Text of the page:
Education economist values ability to thrive in many cultures
Jobs are created for people with really good talent, Morton Schapiro, education economist and president, Northwestern University, Illinois, U.S., says with confidence.
“If you see the broad sweep of economic history, there might be a temporary imbalance between the higher education skills that people bring and the number of jobs available for them. It is not unusual for a country to experience, as part of a cycle, a situation where the number of people with higher education degrees greatly outstrips the type of demand for those types of skills,” he explains.
“The market usually adapts; the classic story is really in engineering in the U.S., where there was a great premium for people with engineering degrees, then people start entering the field and there is a glut and they land up in financial services.”
Talking to The Hindu on a visit here to inaugurate the new campus of the Institute for Financial Management and Research at Sri City, Prof. Schapiro says the economic rates of return are such that they will justify the creation of people in stem fields, such as engineering. However, it is indeed somewhat risky not to diversify the economy, just as it is for an individual not to diversify his or her portfolio, he adds.
Prof. Schapiro’s robust recommendation, however, is for a broad-based education. “The best preparation for a lifetime, for business success, is broad training and part of that is international experience. If there is anything that pays in the market, it is cultural literacy. The ability to not just survive but also thrive in different cultures, pays off pretty nicely,” he says. In his opinion, the best defence against off-shoring is what is called “whole brain learning” — logic and maths with aesthetic appreciation and creative thinking. Evidence suggests that if you do one and not the other, it is going to be a risky path. Cultural literacy with core knowledge is very important.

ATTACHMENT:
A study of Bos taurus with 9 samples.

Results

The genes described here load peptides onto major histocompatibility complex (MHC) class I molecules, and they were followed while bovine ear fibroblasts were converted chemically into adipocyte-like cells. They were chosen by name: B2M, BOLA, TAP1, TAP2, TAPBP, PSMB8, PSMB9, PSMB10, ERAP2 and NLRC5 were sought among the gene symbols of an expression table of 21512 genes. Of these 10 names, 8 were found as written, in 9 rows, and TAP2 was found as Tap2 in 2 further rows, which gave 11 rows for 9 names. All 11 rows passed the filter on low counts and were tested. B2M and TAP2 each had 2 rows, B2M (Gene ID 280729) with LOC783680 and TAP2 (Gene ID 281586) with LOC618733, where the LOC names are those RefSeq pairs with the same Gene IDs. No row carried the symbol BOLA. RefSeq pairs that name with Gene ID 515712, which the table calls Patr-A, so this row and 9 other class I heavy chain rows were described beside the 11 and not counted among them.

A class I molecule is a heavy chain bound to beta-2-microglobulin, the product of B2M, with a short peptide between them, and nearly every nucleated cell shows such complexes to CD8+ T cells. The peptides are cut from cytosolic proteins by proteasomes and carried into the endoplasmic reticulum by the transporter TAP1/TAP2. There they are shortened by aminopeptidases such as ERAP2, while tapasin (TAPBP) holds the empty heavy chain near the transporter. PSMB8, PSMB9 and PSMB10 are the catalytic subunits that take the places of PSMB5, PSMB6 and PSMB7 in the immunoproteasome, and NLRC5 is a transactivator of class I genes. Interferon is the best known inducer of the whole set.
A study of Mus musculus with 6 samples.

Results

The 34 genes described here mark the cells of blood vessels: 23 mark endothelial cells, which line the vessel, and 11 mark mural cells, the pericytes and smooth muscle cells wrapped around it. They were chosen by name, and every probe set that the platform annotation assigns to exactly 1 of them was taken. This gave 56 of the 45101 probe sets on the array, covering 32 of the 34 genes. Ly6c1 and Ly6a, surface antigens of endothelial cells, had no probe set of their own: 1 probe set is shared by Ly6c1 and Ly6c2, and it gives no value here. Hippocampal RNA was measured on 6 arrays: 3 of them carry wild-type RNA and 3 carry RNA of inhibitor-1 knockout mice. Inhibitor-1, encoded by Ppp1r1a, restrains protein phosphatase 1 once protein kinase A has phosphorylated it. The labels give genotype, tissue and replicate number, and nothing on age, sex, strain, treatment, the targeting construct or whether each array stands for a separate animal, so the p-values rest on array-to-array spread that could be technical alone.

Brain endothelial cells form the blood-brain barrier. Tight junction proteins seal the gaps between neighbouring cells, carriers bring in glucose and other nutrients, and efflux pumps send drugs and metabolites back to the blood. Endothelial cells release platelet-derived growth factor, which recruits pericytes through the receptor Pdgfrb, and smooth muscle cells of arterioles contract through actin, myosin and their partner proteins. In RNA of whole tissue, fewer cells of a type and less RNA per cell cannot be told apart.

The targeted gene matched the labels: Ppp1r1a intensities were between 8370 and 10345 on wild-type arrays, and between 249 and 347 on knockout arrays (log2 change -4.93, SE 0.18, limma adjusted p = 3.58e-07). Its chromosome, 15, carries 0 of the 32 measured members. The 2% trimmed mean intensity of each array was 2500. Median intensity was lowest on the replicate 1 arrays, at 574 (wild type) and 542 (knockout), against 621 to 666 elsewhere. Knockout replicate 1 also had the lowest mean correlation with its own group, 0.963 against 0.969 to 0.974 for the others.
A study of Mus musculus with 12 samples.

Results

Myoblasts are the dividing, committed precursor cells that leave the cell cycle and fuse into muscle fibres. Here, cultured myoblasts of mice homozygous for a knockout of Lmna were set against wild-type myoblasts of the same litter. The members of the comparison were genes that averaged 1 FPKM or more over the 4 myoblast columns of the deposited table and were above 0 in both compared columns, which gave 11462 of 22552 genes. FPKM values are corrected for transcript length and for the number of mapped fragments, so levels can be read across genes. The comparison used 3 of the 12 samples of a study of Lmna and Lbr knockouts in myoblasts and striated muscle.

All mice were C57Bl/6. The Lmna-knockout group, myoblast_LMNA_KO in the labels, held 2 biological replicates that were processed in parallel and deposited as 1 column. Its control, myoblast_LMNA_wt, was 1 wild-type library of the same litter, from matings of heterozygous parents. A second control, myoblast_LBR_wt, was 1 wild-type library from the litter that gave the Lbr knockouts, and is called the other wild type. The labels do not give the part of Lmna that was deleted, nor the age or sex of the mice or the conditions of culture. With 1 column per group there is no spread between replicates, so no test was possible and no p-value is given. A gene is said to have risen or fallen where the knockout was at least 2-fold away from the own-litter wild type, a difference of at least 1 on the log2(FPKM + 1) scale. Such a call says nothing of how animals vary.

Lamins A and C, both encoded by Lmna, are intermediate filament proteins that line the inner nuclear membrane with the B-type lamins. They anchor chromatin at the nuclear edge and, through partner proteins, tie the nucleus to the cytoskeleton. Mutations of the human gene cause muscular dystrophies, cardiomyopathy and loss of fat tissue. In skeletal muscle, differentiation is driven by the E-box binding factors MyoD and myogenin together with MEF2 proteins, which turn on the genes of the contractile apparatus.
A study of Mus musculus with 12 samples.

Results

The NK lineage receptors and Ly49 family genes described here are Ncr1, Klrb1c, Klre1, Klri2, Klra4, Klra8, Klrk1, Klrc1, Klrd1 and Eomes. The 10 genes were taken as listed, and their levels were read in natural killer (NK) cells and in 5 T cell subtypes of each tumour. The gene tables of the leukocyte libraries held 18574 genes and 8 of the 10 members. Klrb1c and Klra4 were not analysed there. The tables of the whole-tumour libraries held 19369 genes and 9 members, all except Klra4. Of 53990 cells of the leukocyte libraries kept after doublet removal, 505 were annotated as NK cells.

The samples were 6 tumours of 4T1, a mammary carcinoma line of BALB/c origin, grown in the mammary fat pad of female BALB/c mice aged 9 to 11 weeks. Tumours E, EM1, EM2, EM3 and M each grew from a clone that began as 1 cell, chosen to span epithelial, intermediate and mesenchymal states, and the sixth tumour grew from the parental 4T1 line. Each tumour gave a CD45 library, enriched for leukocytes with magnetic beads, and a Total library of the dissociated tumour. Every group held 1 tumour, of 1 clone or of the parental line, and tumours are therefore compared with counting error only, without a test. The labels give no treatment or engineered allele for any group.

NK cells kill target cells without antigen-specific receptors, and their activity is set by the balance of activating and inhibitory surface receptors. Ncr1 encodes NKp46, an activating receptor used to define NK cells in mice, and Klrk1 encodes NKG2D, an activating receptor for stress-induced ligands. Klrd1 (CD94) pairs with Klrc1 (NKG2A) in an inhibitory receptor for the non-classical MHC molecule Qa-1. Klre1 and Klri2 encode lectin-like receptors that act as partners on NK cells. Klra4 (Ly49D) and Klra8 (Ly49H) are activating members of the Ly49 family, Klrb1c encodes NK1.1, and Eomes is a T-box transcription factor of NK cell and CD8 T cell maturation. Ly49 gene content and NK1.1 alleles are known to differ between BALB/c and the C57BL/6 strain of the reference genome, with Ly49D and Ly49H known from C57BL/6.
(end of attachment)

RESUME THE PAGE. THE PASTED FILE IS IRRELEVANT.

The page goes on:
Which is why, despite the loans, and sometimes gloomy employment scenarios, “studying abroad” is a good option for a student who can afford it.
Addressing the question of reservation, the Indian equivalent of affirmative action in the U.S., he provides evidence from economic data to show why it makes sense to do so. “The rates of return of going to selective higher education institutions are considerably higher for those in low-income backgrounds. If there are some concession that you make, putting the thumb on the scale for some one who has had a disadvantaged upbringing is quite justified.” What that suggests, he says, is that from a public policy point of view, we need to save spots at the most prestigious places for people from the low-income group.
Prof. Schapiro articulates his belief that the need for subsidisation from the government is not quite what it used to be. However, because of imperfections in capital markets, where people from relatively modest backgrounds are unable to “collateralise” themselves, the government needs to step in and provide funding to those who are talented, but without access to capital markets.
But beyond funding, he is sceptical of the State’s role in regulation of the sector. What is the secret of U.S. higher education, where universities rank among the top institutions in the world? “It is because it is not run by the government,” Prof. Schapiro’s answer comes pat. “Even public institutions have tremendous autonomy even within the State. However, accreditation and standards are necessary. A light hand from the government is really the best way.”